My daughter turned 3 in April. She’s a pretty typical 3-year-old. Whatever she is doing at the moment is her favorite thing to do, and planning any activities in the future is a little boring to her. “Do you want to take swim lessons?” might elicit a heartfelt “YES!” one day and an apathetic “No” the next. So for the week before the Kiwanis Kids Runs in Wilsonville on Saturday, we talked it up every chance we got. The morning of the race, though, she was still a little unsure of what “You’re running a race today!” meant. Fair enough, since usually it meant she would ride in a stroller – either slowly in front of me or quickly in front of my husband or “Uncle Joe.”
There were two reasons we made the drive from Tigard to Wilsonville. First of all, the race offered age-appropriate distances and segmented the ages into logical groups. Eliza ran in the Pre-K 3 and younger race, which was just after the Pre-K age 4 race. It’s no fun for a little kid to be racing people twice their size, so these groupings were pretty smart. The other reason was the price: Free! We made a donation when we registered online, because all participants received a t-shirt and a medal; and I felt like it was well-worth it.
We headed down under cloudy skies, with a few extra changes of clothes for both Eliza and my littler one, Nate, who is just four months old. My in-laws were in town, so while one car went to Biscuits Cafe to get a table, I went with Eliza to the event to pick up her bib and t-shirt. The Clackamas County Sheriff and Cadets were there to provide traffic assistance, showing me where I could park temporarily and be on my way. Check-in was quick, the volunteers were friendly, and I was on my way to bacon and french toast in no time. (Unlike a grown-up preparing for a race, kids can eat whatever they want before they run.)
Because the race for Eliza’s group wasn’t until 11:30, we returned to Wood Elementary School around 10:45. There were one or two sprinkles, but that didn’t deter Eliza from making a beeline to the State Farm “bouncy chair.” Lines were short at all the vendor booths, and she took at least four turns on the inflatable bouncer; playing with our friends’ kids in between turns. At 11:15, we headed to the staging area. The meet was organized so that the staging area was a place to wait for officials to bring your group over to the warm-up area, where we found ourselves heading at 11:20. Three friendly young ladies led the kiddos and parents through a stretching warm-up, with plenty of exuberant jumping around by the toddlers.
At 11:30, right in time for our race, it started to mist. Not even quite a sprinkle, but definitely chilly. The field ambled over to the start line, which was at the 100m start line (the extra little stretch of track, off turn four). I helped Eliza identify the start line and the kids took turns false-starting; the parents took turns saying, “Not yet, buddy! Come on back!” Because Eliza is in a “Always Mommy!” phase, I was going to run it with her while my husband attempted to take photos, and I was impressed with how friendly and cordial the parents at the event were. Normally when I go to a kid-centric event, I find that there are always some parents who are willing to do whatever it takes as long as their kid gets what they want … even if it means ruining another kids’ day. Not at this run! Everyone seemed to be on the lookout for all the kids to make sure everyone had a good time.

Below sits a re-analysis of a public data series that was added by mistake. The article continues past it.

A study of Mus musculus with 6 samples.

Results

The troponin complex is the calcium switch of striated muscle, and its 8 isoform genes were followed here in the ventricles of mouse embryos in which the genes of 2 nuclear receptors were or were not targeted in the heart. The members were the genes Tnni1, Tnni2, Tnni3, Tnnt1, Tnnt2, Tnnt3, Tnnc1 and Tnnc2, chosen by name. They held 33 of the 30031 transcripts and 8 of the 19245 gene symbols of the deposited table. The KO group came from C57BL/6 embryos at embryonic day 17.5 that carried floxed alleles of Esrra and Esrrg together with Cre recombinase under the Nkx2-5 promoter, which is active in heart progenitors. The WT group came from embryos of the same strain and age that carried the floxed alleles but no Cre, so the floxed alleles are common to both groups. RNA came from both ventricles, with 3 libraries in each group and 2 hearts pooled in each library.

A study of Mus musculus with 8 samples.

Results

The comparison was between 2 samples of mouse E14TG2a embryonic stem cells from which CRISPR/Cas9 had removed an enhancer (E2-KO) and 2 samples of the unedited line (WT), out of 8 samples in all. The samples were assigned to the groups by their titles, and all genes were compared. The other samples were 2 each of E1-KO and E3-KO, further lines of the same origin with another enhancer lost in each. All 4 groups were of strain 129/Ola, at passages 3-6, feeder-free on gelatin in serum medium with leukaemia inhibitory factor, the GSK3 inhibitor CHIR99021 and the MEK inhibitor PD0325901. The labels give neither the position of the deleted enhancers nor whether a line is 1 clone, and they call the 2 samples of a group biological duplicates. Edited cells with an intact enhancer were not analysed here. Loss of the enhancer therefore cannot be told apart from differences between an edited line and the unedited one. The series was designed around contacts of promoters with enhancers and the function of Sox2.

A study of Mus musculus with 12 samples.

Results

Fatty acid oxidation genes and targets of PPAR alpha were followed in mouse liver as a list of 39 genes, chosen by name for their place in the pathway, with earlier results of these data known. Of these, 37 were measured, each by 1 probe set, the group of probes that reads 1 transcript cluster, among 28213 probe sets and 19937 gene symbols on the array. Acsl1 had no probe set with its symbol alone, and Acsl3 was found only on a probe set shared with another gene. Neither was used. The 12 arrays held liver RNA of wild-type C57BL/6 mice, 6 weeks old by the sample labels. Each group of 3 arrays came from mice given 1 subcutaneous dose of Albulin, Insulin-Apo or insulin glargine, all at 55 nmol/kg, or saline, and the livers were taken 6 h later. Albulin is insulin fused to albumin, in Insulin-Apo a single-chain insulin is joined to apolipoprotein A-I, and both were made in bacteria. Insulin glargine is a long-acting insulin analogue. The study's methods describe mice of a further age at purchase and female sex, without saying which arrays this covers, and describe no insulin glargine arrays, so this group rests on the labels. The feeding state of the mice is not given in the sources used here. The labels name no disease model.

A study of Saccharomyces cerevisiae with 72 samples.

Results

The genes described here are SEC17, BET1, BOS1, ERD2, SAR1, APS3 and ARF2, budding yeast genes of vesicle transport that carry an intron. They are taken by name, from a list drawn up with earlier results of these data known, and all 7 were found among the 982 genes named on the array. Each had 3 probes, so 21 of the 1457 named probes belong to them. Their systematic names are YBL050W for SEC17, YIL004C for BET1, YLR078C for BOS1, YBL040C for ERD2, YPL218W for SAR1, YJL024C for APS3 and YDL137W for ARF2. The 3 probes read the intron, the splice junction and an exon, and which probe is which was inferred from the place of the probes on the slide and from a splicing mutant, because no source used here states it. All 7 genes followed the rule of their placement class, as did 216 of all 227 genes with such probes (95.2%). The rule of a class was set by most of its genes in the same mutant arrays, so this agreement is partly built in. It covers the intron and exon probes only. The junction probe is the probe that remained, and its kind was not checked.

The volunteers said “Go!” and the kids took off, on individual frantic serpentine paths down the track. Eliza took one look back at me and I told her, “Run as fast as you can!” and then she just smiled and took off.
Being only 50 yards, the race was over before I could even get my phone out to take a picture; she turned around and said, “I want to do it again!” So we ran on the infield back to the starting line and ran it again, her finisher’s medal dangling well past her little knees.
And then … the rain let loose. Undeterred, Eliza decided it was time to go check out the bouncy chair again, where I ran into fellow Run Oregon blogger Geli Heidelberger. Her kiddos were running the “Big Kid’s Fun Run,” which was abbreviated from two races into one of just two laps (the 7th-8th graders were supposed to run 3 laps) because of the weather.
In all, this was a fun event and you can’t beat the price. The fact that it’s solely dedicated to kids makes it really fun – it’s a day all about youth running with all the perks of a “grown-up race” – shirt, medal, bib with safety pins, and a big, inflatable finish line. If I could make one suggestion, it would be to run various heats within each age group, especially for the younger kids, so that it’s not so hectic and parents can more easily keep track of their child during the race (both for safety and photo ops). I’ll be looking forward to next year’s race … and probably signing her up for a few of the races instead of just the one for four-year olds!
If you’re looking for other kid-friendly events, check out this page of all our posts tagged “Kids race.” Also, if you know of any kid-only races, or races that do a bang-up job making the kids truly feel special, be sure to email us about them so we can share it with other parents!